The coalition government’s considered approach to justice was welcomed by penal reformers, who considered it a once in a generation opportunity for change.
By Frances Crook, Director of The Howard League for Penal Reform
The coalition government’s considered approach to the challenges in the justice system was welcomed by penal reformers, who considered this a once in a generation opportunity to deliver real change.
Plans designed to reduce the prison population by 3,000 men, women and children and make better use of effective community sentences were a necessary change in direction. But unfortunately the government has gone into reverse, putting political goals ahead of effective jails.
The difference between cutting sentences by a third or a half for those who plead guilty early on is a technocratic issue that would have had little impact on prison numbers.
Rather than squabbling about a third or half of a sentence, we should admit that the real problem is in sending too many people – and the wrong people – to prison in the first instance, and we should push for more courageous sentencing that would keep people out of jail altogether.
More than 60,000 people enter the prison system each year on a short term sentence (pdf). Sent to prison for not paying the council tax for example, or for flouting the smoking ban, people are given their release forms along with their induction papers.
Howard League research published yesterday (pdf) shows that people actually prefer a short spell in prison to a community sentence as lying idle in a cell is the real ‘soft option’.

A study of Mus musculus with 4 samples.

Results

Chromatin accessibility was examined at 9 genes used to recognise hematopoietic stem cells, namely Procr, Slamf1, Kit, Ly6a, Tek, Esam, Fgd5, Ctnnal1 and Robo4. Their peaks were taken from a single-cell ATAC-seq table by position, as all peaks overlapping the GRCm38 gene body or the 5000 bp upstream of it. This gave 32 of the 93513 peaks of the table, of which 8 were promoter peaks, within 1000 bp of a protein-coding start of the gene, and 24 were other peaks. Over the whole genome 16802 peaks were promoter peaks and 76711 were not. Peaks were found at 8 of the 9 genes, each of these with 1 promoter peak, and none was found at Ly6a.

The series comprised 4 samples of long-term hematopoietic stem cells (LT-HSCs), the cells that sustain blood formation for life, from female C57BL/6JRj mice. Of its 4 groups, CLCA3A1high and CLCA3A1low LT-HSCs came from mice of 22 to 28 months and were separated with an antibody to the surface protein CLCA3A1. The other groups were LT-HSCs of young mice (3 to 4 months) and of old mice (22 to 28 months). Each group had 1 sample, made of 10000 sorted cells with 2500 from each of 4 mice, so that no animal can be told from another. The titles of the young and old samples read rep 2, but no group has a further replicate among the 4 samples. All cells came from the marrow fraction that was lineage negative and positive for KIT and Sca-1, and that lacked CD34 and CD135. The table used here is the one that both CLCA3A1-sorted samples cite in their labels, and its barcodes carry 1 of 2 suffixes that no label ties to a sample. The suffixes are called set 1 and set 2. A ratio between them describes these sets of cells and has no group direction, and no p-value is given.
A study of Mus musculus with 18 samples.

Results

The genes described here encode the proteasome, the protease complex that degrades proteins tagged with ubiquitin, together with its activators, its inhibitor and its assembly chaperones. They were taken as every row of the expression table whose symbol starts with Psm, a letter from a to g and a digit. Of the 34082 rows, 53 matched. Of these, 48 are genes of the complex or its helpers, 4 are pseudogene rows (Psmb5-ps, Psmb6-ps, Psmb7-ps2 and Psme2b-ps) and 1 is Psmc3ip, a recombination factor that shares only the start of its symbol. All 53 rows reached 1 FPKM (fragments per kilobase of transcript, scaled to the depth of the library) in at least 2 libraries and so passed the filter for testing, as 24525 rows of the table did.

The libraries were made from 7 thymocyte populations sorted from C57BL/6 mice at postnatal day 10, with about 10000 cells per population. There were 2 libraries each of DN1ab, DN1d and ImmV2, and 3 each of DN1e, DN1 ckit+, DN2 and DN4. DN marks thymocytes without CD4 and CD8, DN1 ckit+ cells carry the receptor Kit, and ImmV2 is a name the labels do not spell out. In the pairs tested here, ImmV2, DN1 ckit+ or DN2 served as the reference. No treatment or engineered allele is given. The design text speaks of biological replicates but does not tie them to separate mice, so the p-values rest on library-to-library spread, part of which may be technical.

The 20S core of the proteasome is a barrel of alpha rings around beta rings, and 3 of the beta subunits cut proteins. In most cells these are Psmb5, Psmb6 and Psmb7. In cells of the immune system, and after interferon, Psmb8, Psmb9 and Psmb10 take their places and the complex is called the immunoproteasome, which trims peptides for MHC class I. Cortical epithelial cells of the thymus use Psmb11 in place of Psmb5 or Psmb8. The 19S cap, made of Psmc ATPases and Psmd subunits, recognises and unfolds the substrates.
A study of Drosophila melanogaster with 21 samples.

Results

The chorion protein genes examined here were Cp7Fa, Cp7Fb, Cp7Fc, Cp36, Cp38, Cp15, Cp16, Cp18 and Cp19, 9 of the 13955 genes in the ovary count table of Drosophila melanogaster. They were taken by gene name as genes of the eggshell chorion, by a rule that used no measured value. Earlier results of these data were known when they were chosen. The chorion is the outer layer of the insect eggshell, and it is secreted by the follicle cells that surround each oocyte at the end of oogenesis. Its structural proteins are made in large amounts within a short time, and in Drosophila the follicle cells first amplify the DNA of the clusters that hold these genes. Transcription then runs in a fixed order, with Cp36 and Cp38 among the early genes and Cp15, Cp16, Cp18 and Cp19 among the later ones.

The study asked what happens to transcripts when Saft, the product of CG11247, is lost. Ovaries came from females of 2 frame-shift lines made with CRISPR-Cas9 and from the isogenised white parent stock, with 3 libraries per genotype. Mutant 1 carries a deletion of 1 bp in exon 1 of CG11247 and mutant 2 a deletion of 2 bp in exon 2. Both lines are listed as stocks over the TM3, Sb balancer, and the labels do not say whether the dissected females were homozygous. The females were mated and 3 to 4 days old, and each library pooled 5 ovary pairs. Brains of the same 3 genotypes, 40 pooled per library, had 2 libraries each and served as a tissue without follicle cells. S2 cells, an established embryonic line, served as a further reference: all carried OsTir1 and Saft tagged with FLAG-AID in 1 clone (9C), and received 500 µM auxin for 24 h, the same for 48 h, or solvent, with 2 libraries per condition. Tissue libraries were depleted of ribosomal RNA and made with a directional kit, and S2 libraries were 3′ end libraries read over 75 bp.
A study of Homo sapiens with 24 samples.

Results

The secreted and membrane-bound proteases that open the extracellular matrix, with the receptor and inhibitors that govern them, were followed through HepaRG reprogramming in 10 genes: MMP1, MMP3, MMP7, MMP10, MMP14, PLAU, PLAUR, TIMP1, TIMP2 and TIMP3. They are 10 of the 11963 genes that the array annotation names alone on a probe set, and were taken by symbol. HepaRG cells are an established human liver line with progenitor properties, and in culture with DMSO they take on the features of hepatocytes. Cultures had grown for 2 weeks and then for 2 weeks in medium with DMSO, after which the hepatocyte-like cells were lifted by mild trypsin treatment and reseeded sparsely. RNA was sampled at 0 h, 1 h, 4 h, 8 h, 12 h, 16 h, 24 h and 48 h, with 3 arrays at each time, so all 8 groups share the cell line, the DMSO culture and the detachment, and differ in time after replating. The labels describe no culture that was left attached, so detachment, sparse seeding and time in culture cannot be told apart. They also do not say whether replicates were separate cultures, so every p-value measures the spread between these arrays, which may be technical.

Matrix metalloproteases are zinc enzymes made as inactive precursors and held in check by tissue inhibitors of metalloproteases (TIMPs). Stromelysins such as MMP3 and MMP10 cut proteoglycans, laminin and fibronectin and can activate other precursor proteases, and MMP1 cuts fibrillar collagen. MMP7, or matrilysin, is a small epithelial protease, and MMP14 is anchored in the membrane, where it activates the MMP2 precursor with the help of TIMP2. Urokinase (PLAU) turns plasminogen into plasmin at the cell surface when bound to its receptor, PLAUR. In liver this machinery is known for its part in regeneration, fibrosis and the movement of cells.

Community sentences can take years to complete, and are managed by a probation service stretched to the seams by the weight of numbers – even more than our prisons are. It means that in too many cases people get little support and fail to turn up: breaches of their sentence that then lead to prison. Why not, many think, simply take the hit and go to prison straight away and get it over with?
Consequently, Britain’s prisons are overcrowded and dangerous places for both prisoners and for staff. Budget cuts without cuts in the number of prisoners will put everyone at greater risk.
Last year 252 people died in prison, and many staff suffered violence at the hands of bitter and mentally ill prisoners. Long hours locked in fetid cells, idle and angry, leads to prisoners committing more crime on release.
This is still a precious opportunity for change, and the government’s green paper has been the subject of extensive consultation and debate. The government must stick to its guns and reform the system.